10-24 Associated Press

Victims' families become friends with murderers
Monday, October 24, 2005      

A group that links people on opposite ends of the justice system by opposing the death penalty has also linked some victims' families and inmates in acts of forgiveness, even friendship.
Most Journey of Hope members gather to share similar beliefs of capital punishment; but about half a dozen members have forgiven, even befriended the convicts who killed family or friends.
One such member, Bill Pelke, writes to the woman who murdered his grandmother. He said he finds it therapeutic to share his feelings in letters to the inmate, Paula Cooper.
"With her, I just felt like I could write and share things," Pelke said.
Members met Sunday in church groups around San Antonio. But their goal is not strictly to share a religious message to love their enemies. Member said that executions spread anguish, and forgiveness offers a healthy path of mourning.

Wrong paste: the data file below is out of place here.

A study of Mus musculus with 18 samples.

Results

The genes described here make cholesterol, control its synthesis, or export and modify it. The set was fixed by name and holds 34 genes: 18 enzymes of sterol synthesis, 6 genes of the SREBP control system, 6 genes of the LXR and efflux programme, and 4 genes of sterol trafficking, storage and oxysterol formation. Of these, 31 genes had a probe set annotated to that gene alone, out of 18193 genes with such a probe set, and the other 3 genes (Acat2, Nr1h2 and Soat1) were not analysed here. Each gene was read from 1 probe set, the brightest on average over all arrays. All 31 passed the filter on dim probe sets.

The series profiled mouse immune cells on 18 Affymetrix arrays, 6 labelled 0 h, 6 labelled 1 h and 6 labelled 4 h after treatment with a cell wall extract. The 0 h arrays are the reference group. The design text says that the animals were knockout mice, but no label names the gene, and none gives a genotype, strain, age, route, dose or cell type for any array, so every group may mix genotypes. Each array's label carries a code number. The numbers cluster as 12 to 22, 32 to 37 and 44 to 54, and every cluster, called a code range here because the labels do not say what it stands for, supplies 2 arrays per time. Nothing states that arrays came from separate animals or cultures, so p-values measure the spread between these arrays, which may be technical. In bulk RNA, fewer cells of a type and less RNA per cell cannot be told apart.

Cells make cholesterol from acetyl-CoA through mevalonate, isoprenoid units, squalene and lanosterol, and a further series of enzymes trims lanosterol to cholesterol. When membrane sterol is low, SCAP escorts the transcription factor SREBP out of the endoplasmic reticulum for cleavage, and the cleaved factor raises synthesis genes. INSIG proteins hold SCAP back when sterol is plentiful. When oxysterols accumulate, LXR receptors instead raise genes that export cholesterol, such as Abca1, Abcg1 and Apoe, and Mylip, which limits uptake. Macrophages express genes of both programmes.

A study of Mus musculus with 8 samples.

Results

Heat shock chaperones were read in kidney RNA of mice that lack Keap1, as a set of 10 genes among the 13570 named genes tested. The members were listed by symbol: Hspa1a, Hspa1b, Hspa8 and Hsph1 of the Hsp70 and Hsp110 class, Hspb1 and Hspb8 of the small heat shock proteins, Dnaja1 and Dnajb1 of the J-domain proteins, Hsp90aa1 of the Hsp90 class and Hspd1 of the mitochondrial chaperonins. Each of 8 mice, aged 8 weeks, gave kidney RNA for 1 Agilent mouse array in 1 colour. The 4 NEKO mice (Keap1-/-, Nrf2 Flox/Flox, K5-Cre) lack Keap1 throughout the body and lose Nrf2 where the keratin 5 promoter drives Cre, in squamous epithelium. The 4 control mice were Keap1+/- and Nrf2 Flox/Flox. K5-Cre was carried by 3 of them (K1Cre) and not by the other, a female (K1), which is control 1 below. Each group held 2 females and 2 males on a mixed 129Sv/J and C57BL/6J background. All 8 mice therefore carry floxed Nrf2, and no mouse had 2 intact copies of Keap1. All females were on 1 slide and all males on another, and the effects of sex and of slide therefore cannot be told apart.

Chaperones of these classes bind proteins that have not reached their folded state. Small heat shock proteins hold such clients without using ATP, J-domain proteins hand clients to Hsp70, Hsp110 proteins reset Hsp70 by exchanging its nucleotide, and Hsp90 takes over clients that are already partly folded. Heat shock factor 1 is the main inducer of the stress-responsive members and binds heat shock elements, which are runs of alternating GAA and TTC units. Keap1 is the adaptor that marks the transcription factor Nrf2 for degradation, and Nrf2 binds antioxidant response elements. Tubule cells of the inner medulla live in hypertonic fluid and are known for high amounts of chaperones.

However, some grief counselors disagree.
Alyssa Rheingold, a clinical psychologist, counsels relatives of homicide victims at the National Crime Victims Research and Treatment Center in South Carolina.
She said that many do not feel the need to forgive. They find other ways to cope. Some establish scholarship funds. Others lobby for various policy changes.
Regardless of the religious faith that helped them cope, many members said they're not saints, that they needed to forgive for their own sakes.
Pelke said his opposition to the death penalty should not be interpreted as a call for lesser punishment. Forgiving is not forgetting. He said he believes some killers deserve life without parole. And he was in no hurry to see Cooper released when state courts commuted her death sentence into a prison term that makes her eligible for release in ten years.
"I think she should be in prison, but I hope great things happen to her while she's in there," Pelke said.